We have previously discussed the difference between healing abutments and restorative abutments on implants. Here I will go through the variety of restorative abutments available; they are generally made from titanium, designed for different types of restorations and different positions within the mouth.
Abutments for single teeth
These can be:
1. Standard abutments, with limited scope for adjustment. This type is used for a satisfactorily positioned implant. There is little if any work required from the laboratory and consequently these are cost effective. Figure 1 demonstrates a standard abutment in the mouth (Astra Tech)
2. Prepable abutments, cut and shaped by the laboratory to approximate a crown preparation. If the restoration requires alteration of its alignment to give a suitable appearance, then this type may be used. The abutment is cut with burrs at the laboratory to achieve the desired shape. Figure 2 shows a prepable abutment on the cast (Astra Tech)
3. Castable abutments, using non-oxidising gold alloys. This type of abutment is waxed onto and cast onto (usually in gold alloy) by the laboratory. It will correct the orientation of a restoration placed on a mal positioned implant and is favoured by the laboratory as they are usually familiar with the casting technique. There are more materials involved in this type of abutment and the cost is therefore greater than using a standard abutment (Astra Tech) (Figure 3)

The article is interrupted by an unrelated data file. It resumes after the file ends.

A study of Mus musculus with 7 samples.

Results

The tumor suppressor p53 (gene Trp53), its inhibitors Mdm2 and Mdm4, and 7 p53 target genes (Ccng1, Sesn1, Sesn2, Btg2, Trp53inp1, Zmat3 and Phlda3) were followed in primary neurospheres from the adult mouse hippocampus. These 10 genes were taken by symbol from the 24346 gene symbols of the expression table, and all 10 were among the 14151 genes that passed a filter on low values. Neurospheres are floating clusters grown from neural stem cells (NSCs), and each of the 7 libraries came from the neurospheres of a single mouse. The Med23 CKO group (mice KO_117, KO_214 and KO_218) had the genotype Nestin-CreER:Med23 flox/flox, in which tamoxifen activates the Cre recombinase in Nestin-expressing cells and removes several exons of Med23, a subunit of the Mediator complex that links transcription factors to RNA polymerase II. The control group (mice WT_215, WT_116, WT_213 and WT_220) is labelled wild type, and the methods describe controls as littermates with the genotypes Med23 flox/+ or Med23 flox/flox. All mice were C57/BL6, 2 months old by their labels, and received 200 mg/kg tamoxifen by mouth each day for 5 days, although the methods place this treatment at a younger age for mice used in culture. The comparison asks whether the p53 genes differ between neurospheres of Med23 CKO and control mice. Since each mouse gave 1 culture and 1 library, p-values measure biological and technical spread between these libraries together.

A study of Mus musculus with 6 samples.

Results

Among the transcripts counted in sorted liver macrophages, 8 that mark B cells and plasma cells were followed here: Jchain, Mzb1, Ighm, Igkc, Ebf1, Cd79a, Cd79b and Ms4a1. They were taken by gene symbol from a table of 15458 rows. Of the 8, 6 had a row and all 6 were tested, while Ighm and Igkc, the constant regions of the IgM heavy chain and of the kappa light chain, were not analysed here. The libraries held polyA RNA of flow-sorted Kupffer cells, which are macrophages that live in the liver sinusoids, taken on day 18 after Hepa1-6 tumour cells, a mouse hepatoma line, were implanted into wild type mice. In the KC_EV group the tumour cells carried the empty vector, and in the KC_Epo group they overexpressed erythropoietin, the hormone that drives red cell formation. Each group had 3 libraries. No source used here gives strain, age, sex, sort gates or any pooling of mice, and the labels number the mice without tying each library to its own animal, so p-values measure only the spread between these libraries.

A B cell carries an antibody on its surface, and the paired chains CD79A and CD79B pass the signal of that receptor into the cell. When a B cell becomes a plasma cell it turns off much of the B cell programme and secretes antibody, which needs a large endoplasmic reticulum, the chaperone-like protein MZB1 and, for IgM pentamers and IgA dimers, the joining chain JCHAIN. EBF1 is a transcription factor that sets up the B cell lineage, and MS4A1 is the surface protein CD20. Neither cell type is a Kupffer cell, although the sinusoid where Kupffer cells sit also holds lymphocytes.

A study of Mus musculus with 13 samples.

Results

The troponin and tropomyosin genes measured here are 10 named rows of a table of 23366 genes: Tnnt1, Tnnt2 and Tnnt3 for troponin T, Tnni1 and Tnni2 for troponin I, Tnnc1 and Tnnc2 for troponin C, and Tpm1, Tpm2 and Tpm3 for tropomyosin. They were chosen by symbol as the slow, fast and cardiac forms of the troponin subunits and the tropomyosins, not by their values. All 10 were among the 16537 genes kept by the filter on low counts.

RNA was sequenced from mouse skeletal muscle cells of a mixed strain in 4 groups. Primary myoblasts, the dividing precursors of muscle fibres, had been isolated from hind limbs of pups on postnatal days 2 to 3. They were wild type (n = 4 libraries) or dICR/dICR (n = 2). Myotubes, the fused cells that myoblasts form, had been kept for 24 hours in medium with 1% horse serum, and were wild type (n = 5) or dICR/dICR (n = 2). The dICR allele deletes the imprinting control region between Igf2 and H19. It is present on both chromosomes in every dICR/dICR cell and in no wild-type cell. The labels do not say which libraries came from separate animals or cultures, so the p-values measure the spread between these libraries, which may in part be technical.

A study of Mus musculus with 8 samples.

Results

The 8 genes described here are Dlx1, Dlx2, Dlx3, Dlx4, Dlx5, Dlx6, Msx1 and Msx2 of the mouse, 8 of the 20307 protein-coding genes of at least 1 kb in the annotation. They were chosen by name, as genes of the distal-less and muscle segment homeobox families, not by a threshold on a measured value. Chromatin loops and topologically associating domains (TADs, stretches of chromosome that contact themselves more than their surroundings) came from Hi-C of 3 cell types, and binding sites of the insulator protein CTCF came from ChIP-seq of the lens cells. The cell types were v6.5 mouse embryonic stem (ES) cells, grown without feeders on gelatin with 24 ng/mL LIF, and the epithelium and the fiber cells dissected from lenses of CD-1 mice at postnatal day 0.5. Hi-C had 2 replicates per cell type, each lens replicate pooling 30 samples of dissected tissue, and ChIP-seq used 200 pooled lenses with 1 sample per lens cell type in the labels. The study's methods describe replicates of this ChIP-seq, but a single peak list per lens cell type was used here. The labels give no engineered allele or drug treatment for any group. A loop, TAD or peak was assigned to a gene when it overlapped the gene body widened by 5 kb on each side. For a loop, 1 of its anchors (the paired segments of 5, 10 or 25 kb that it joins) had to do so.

4. Ceramic abutments, using a non-metallic substance, such as zirconium. These abutments are used where the aesthetics of a case are a priority. They are cut and shaped at the laboratory to provide the correct shape and marginal height for the soft-tissue margin (Astra Tech) (Figure 4)
5. Computer generated. This technique involves having the cast of the patient scanned and an ideal abutment shape generated by machine. This is expensive and the technique not frequently used, however as digital information is recorded from the scan it can be processed and the abutment generated distant from the scanner.
Abutments for bridges
Abutments for bridges differ in the amount of leeway they provide in order to allow seating of a cast framework. If a bridge is to be retained on six implants, it is unlikely that the abutments placed into these will be exactly parallel.
In order to place a cast framework onto the abutments, some tolerance will be required. This is achieved in the design of the bridge abutments, which can have tapers of varying degrees.
Figures 5a and 5b demonstrate Astra bridge abutments in the mouth and in picture form respectively.
Abutments for over-dentures
Abutments for over-dentures differ in shape but essentially they perform the same function. This is to connect the implants to the over-denture using ball type abutments that locate into spring mounts or rubber mounts in the fit surface of the over-denture.
Figures 6a and 6b demonstrate over-denture abutments in the mouth and in picture form.